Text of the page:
Energy companies offer advice to keep bills down and stay cool

By: Brendan Losinski | C&G Newspapers | Published August 21, 2019

  Frequently running the air conditioner in the summer can add up when it comes  time to pay the electric bill, but energy companies are offering some advice to use  it less often and keep homes cooler without it.

Frequently running the air conditioner in the summer can add up when it comes time to pay the electric bill, but energy companies are offering some advice to use it less often and keep homes cooler without it.

Photo provided by DTE Energy

METRO DETROIT — Summer weather can make it tough to beat the heat, but running an air conditioner can make it even tougher on the electric bill.

As houses heat up, the air conditioner comes on more and more — which can be expensive. However, energy companies do have some tips for their customers that can help keep those bills down without losing their cool.

“July was a very hot month — one of the hottest in the last few years,” said Debra Dodd, a spokesperson for Consumers Energy. “The hotter the temperature is outside, the more people will use their air conditioner. That’s a big factor in higher bills in the summer. They take a lot of energy compared to other items using energy in the home.”

“Some of the biggest things about this season that people don’t realize is how much weather can affect their bill. With a particularly hot or long summer, it can add up because people are running their air conditioning more,” added Kimberly Huffman, principal marketing analyst for DTE Energy. “Heating and cooling is about 50% of your energy costs. You can do little things; like, lowering your thermostat by only 2 degrees and using a ceiling fan, you can lower your cooling costs by up to 14%.”

Huffman said updated air conditioning and thermostat equipment can be among the most effective solutions, as can ensuring that the equipment residents already have is in good working condition.

“Programmable thermostats are great. We’ve seen that they can save you $180 a year. They can really help manage your air usage,” she said. “Making sure your equipment is in good condition also can make a big difference. Getting a tuneup at the start of the warm season or the start of the cold season can help. You can also check your furnace filters as well, which can make your heating and cooling systems more efficient.”

Dodd said that keeping a thermostat at or above 78 degrees can make a big difference.

“Set your thermostat at 78 degrees when you’re home,” Dodd said. “Not everybody can do this, but this is a Department of Energy recommendation. For every degree higher than that, you will cut down 1%-3% on your bill.”

Fans also are a good option to accompany air conditioner use or to use instead, but Huffman said fans can only do so much. She also said that keeping them off when no one is in the room can save a few bucks at the end of the month as well.

“Fans only cool people; they don’t cool the room,” Huffman explained. “They just create a windchill effect on your skin, so make sure to turn them off when you leave the room.”

In fact, Dodd said monitoring the use of appliances can be one of the best ways to cut down on electric bills.

“There also are some general energy-saving tips people can use all year round that can help reduce your bill,” she said. “You can wait until a dishwasher or clothes dryer is full so you’re using it less overall, and you can turn lights off whenever possible, and so forth.”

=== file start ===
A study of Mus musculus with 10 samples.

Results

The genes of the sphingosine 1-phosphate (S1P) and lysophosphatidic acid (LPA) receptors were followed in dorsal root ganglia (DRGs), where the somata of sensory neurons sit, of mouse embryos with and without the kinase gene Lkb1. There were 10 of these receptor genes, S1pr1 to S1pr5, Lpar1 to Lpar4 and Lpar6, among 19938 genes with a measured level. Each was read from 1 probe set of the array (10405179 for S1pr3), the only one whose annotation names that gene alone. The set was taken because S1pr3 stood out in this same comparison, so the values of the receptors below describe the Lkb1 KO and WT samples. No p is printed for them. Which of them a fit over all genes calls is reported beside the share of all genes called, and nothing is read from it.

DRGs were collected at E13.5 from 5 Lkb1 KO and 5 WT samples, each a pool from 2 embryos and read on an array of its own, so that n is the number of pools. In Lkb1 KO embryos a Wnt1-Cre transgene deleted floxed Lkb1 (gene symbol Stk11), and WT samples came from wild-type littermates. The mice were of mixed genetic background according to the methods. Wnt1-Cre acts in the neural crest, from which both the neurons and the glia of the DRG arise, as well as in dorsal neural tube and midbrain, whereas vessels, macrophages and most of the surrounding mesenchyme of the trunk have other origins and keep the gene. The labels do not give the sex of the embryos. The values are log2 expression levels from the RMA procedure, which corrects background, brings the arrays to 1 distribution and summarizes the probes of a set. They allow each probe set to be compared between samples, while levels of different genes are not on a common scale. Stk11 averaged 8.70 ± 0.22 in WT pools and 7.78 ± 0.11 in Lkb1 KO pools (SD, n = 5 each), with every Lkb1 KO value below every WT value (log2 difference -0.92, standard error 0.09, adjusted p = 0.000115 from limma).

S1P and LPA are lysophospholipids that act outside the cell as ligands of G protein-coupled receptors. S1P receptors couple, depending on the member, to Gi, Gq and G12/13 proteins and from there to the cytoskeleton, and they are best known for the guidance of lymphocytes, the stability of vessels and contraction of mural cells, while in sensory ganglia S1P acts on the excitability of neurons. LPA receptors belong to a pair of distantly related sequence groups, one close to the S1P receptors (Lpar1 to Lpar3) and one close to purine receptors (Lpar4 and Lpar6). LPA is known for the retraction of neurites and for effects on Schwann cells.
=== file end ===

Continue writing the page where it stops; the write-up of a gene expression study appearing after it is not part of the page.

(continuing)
She added that many appliances also give off excess heat, which can require even more air conditioner use.

“Limiting the use of appliances to the morning or evening can help so they aren’t adding extra heat to your home,” said Dodd. “Using things like a crock pot or something else that plugs in instead of an oven, which heats up the house, can help as well.”

Both went on to say there are also some low-cost, low-effort methods that can help keep a house cool.

“Closing blinds where the summer sun can come into the house can help cool the room naturally and cause your air to click on less often,” Huffman said. “Heat and humidity both affect how you feel, so offsetting appliances from heating the house can make a difference. Use them sparingly when possible.”

“Close off the registers in rooms not in use so you’re not heating or cooling rooms that you’re not using,” added Dodd. “Use drapes to keep the sun from heating up rooms. Now that we are getting close to fall, open up windows and let some of the cooler air in during the evening or early morning.”

Dodd also advised to look over the home to see if there are any leaks or other problems that could cause hot air to leak in or cold air to seep out.

“Something that’s low cost and relatively easy is going through your house and looking for air leaks,” she said. “Caulking or weatherstripping can make a big impact and are easy to do. You also can add insulation. That can add up to $200 in savings on some people’s energy bills.”

Energy companies such as DTE Energy and Consumers Energy also have some financial aid or assistance programs that can help those struggling financially to keep their bills paid.

“We also have options to help people pay their bills, and we can help set up a budget plan for residents,” Dodd said. “A lot of energy companies and utilities have options like that if people need a hand. There also are rebates people might be able to qualify for, and they can find information on those programs on our website at www.consumersenergy.com.”

DTE Energy has similar resources available at www.dteenergy.com/saveenergy and additional tips for beating the heat at www.dteenergy.com/summer.

“The less you have to rely on your air conditioner in the summer, the lower you can keep your bill,” said Dodd.